The Starbucks Invasion

Maria Hennigan explains why it’s not just all fun and Starbucks


“What the …?” my girlfriend yells as she steers us through traffic on Patrick Street. “When did this get here?”

Her tone is disgusted; I prepare for the worst. She is pointing at the shop fronts but I can’t see anything out of order.

“What?” I ask.

“Another Starbucks!”

And now I see it, but I don’t think I ever noticed any construction going on. I would have sworn that overnight the old O2 Shop just turned into a Starbucks. I guess a coffee shop is somewhat better than a carrier sales point? But my girlfriend is not happy with that answer.

“How many Starbucks do we need?”

How many, indeed. A few years back there was only one in Cork. It was in the airport and closed down in 2011. Except for third party operated shops like Coffee Dock in UCC, it seemed as if it didn’t work out for Starbucks here. But in recent years, Starbucks has crept its way back with stores in the City Gate (opened 2013) and Mahon Point (opened 2014).

The ‘invasion’ itself didn’t start until the beginning of this year, when the first city centre store on Princes Street was announced. Followed almost immediately by the announcement of a second store on Opera Lane. While some rejoiced and others moaned, some serious concerns grew loud. Starbucks received criticism from the City Council for opening both stores without having planning permission. Citizens and councillors lamented that no one was consulted about the preservation of the historic Queen Anne House. Unfazed, Starbucks was already working on a third city centre store on Patrick Street – the one that finally broke my girlfriend. Construction of this third store was temporarily halted in August – again, because of missing planning permission.

But now they’re all open, 3 shiny new coffee shops, and despite all complaints, criticism and concerns they seem to do good business. Who knew a reasonably small city like Cork has enough demand for a total of 5 Starbucks outlets? But after all, no one is crying about the 6 McDonalds, 6 Subways, 4 FourStar Pizzas and 3 Domino’s we have. Going by numbers, Starbucks is just a little over average. So, nothing to worry about? I doubt it.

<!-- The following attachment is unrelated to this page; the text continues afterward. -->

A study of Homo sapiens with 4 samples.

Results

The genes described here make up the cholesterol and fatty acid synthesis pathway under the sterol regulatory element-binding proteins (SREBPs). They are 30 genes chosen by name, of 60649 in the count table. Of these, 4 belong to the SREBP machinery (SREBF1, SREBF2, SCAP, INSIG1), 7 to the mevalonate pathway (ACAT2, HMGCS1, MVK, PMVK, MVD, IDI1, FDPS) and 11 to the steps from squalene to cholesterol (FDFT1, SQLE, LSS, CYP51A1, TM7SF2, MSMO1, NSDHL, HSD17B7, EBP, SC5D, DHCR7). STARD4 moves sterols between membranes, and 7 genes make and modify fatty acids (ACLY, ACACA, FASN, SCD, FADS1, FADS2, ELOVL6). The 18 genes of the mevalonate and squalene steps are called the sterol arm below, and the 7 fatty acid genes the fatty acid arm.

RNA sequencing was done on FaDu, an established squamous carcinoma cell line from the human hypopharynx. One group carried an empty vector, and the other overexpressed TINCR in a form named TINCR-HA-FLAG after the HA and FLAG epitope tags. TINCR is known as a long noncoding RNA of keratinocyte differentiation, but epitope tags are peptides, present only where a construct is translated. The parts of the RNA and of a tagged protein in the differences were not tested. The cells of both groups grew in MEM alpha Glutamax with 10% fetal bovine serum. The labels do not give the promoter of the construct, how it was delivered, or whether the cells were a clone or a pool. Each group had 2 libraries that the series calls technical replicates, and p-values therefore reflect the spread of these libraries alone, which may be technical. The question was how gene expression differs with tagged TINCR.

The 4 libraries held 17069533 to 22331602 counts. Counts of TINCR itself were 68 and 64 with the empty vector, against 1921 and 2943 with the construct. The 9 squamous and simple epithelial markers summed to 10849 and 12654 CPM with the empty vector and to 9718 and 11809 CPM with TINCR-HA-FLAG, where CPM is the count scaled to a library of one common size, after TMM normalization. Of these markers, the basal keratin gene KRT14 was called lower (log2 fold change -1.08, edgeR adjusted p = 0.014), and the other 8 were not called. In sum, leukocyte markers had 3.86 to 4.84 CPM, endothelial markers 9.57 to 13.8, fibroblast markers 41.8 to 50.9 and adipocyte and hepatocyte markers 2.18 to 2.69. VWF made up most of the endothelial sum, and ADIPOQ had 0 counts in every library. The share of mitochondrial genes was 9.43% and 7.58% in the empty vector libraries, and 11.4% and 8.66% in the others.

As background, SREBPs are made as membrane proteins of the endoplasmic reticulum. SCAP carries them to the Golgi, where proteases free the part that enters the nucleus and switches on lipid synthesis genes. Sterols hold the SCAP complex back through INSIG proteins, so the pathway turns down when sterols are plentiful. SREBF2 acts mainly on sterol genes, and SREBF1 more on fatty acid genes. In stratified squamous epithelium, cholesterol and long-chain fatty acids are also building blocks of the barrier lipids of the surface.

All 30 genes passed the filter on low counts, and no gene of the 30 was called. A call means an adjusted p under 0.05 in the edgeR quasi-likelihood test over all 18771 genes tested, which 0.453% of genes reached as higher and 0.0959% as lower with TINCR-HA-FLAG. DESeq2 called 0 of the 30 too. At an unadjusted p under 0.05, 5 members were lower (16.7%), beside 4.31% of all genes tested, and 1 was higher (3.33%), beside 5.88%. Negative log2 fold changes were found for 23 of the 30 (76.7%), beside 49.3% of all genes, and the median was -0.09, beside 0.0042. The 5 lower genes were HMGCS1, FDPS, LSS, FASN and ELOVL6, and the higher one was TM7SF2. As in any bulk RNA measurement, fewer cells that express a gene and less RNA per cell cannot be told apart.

Hateful reactions to the new Starbucks stores are often directed at the bigger picture; the arrival of other big chains like Weatherspoons and Nandos. It’s not just Starbucks’s invasion, it is big scale economic change. While big chains thrive, beloved institutions of the city like Crowley’s music store, Loafers and the Pav have had to close their doors in the past year or so. Some of these had a happy ending – but at a price. Our independent restaurant, coffee shop and pub owners can easily be pushed out of business by these giant corporations.

Frankly, these chains do not care about Cork’s heritage; its special mix of people or its reputation for artistic and culinary excellence. They are designed for the opposite; never changing sameness, whether you are in Hong Kong, New York or Cork. What they care about is fiscal growth and shareholders.

The sour taste comes from when the strive for money crosses the border into blindly trampling greed. At what point does it become tasteless to litter a city with your franchise? The three city centre Starbucks locations have only about 400m distance between each of them, but Starbucks has done worse with stores right next to one another in some US cities. Tasteless is also the lack of planning permission for all three Cork locations, while making unauthorised changes to historical buildings.

But it goes deeper than taste and respect. Starbucks has price-hiked their coffee, that is cheaply produced and expensively sold, fought employees’ attempts to unionise, prevented Ethiopian farmers from copywriting a coffee brand they produced, and used unfair labour practices in multiple countries. All for the sake of their syrup-y fast food coffee revenue. Again, this is something that not just concerns Starbucks. Pick any franchise and you will find evidence of some form of wrongdoing – from human rights violations and labour disputes to unsound marketing strategies. At least Starbucks sell fair-trade coffee. But it’s still also a brilliant distraction from unfair practices elsewhere. It’s that eerie feeling of someone lying to your face with the friendliest smile. That’s why Coca Cola and McDonalds are now green, and Nestlé slaps ‘30% whole wheat’ on the sugar cereal box, because that makes it healthy.

All this goes through my head now when I see a Starbucks. It’s too big, it’s too fake, it’s a monotony machine. But I choke on my righteous anger because my Chai Tea Latte is too hot.